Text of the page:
Wake effect impact on a neighbouring wind farm should have been assessed
By John Yeld
- Environment minister Barbara Creecy has upheld one out of 16 appeals against the construction of the Boulders wind farm on the West Coast.
- Aurora Wind Power lodged the appeal citing the wake effect the new farm located upwind of it would create on its West Coast One farm.
- An impact assessment must now be conducted of the Boulders’ wake effect on the smaller West Coast One farm.
It is back to the drawing board for a giant new wind farm project on the West Coast, following an appeal decision by environment minister Barbara Creecy.
Although Creecy dismissed 15 of the 16 appeals against the go-ahead for the 140-megawatt Boulders wind farm, she crucially upheld one appeal and set aside the environmental authorisation that her Department of Environment, Forestry and Fisheries (DEFF) had issued for this project on 14 January.
The successful appeal was lodged by Aurora Wind Power which has operated its 47-turbine, 94MW West Coast One wind farm on a property adjoining the planned Boulders site.
Both projects are on farmland close to Paternoster, Britannia Bay, St Helena Bay and Vredenburg.
Aurora’s successful appeal related to its concerns about the physical phenomenon known as the “wake effect” on its facility. Because the Boulders project proposed constructing its huge 165m high turbines immediately upwind of West Coast One’s slightly smaller 135m turbines, Aurora argued that its access to the wind resource (at West Coast One) would be reduced by the wake effect. This would in turn cause “significant” revenue losses, estimated at millions, possibly even hundreds of millions, of rands over the 20-year contract with Eskom, it claimed.
In her appeal decision announced last week, Creecy said she had “carefully considered” all the information about the proposed new wind farm. She agreed with Aurora’s argument and upheld its appeal, setting aside the environmental authorisation for Boulders.
Creecy also directed Boulders’ developer – German majority-owned Vredenburg Wind Farm (Pty) Ltd – to comply with two instructions.
The first is that it must commission an impact assessment report of the Boulders’ wake effect on West Coast One, and then subject this report to a public participation process in terms of environmental regulations. This means that the public – “interested and affected parties” who include all the unsuccessful appellants – will be able to read and comment on the report.
Secondly, any comments, and any responses to these comments by the developer, must be incorporated into a final Environmental Impact Assessment Report that will be submitted to the department for re-consideration of the Boulders project approval.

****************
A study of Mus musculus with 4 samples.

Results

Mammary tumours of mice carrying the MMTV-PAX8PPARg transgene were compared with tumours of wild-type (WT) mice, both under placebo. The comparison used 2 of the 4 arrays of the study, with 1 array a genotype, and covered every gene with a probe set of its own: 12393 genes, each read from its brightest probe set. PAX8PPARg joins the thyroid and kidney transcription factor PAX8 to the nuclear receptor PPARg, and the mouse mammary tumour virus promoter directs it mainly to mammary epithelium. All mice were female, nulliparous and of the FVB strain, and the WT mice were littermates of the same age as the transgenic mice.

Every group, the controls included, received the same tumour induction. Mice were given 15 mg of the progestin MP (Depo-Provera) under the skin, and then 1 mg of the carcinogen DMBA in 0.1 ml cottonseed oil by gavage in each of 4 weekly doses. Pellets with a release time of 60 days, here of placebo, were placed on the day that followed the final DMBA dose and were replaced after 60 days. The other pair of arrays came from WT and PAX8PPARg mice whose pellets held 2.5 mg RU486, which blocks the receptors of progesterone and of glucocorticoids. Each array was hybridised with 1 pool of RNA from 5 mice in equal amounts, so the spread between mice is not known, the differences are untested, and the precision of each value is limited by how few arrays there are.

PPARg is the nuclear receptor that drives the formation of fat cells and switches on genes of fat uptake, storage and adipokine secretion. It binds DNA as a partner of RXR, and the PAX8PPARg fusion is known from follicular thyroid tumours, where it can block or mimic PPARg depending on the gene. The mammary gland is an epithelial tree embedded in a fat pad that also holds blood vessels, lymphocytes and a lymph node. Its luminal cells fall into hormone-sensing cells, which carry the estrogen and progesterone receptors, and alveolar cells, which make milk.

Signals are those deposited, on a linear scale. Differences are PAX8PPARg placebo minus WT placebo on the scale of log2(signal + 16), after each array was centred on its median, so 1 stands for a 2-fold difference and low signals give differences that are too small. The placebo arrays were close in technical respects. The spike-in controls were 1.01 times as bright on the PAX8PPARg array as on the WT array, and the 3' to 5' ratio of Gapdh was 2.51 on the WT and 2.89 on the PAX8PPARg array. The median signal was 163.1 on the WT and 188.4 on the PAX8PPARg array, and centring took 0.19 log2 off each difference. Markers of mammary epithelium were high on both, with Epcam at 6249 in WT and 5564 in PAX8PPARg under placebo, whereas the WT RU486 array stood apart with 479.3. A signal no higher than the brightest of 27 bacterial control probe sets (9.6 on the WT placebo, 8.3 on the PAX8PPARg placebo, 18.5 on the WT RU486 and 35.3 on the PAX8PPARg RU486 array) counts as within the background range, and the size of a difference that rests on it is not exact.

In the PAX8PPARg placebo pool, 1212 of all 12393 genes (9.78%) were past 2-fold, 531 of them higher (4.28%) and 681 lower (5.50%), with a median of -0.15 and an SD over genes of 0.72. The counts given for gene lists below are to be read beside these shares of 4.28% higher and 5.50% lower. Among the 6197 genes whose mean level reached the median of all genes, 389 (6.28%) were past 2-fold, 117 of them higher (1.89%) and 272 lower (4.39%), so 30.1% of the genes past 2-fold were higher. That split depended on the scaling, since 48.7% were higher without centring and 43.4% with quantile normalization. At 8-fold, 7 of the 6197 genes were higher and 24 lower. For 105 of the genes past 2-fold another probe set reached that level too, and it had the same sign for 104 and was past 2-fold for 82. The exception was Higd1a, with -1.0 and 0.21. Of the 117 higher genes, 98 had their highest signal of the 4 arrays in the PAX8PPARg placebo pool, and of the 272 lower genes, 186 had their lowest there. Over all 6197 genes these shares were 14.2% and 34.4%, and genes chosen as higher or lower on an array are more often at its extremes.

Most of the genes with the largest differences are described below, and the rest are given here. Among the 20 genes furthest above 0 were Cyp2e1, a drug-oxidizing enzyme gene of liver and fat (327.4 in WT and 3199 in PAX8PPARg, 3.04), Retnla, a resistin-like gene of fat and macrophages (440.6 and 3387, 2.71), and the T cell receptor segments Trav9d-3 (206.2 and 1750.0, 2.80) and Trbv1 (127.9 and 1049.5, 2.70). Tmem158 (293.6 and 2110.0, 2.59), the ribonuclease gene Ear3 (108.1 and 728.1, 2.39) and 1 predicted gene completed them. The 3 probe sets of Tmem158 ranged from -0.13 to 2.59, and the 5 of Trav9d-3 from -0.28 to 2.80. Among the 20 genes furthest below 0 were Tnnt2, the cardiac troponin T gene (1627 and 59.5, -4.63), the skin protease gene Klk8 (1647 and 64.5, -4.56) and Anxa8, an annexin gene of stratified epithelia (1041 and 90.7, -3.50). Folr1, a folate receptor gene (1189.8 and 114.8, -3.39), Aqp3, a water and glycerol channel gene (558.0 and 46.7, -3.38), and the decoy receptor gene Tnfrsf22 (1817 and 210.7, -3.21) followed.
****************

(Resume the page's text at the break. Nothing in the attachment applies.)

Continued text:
Creecy stated in her appeal decision: “The impacts on [wind] turbines caused by wake effect, including material fatigue, are widely known and is an accepted impact … a wake assessment is required for the proposed Boulders wind energy facility … This ground of appeal is good in law, hence it is upheld accordingly.”
Although Creecy only directed the Boulders developer to conduct a wake impact assessment and subject this to a public participation process, the fact that she set aside the environmental authorisation (EA) for the project means that if a new decision is issued by her department, this will again be subject to appeal on all grounds – not just on the wake effect impact.
This was confirmed by a spokesperson for the department.
The 15 unsuccessful appeals against the Boulders project were submitted by individuals, local residents, residents’ associations and conservation groups.
Their objections were summarised by the department for consideration by Creecy into 11 categories. These allegations were:
- the negative impact of the new wind farm on local tourism and property values (Paternoster is often described as “The Jewel of the West Coast”);
- the impact on heritage (the nearby Kasteelberg Heritage Resource was recognised in the late 1990s as being worthy of declaration as a National Monument under previous legislation);
- the unacceptably high visual impact of the Boulders turbines, possibly as many as 45 (the siting of seven turbines had been changed earlier by the developer in response to concerns);
- the impact on birds, and particularly raptors like the endangered Black Harrier (southern Africa’s rarest endemic raptor);
- a flawed public participation process;
- a flawed environmental impact assessment (EIA);
- “multiple instances” of bias on the part of the environmental consultants who managed the EIA process;
- misleading claims by the developer about job opportunities associated with the project;
- concerns about dangers to air traffic and possible interference to internet connections;
- whether alternative sites for the wind farm had been properly considered; and
- that the project was approved by DEFF before a Final Environmental Management Plan for Boulders had been submitted and approved.
These appeals were all dismissed by Creecy, who found that they were either unfounded and/or that the alleged issues had been properly assessed and/or that impacts could be satisfactorily and appropriately mitigated. Although some impacts (like the visual impact) were high, none constituted a “fatal flaw” for the planned wind farm, she ruled.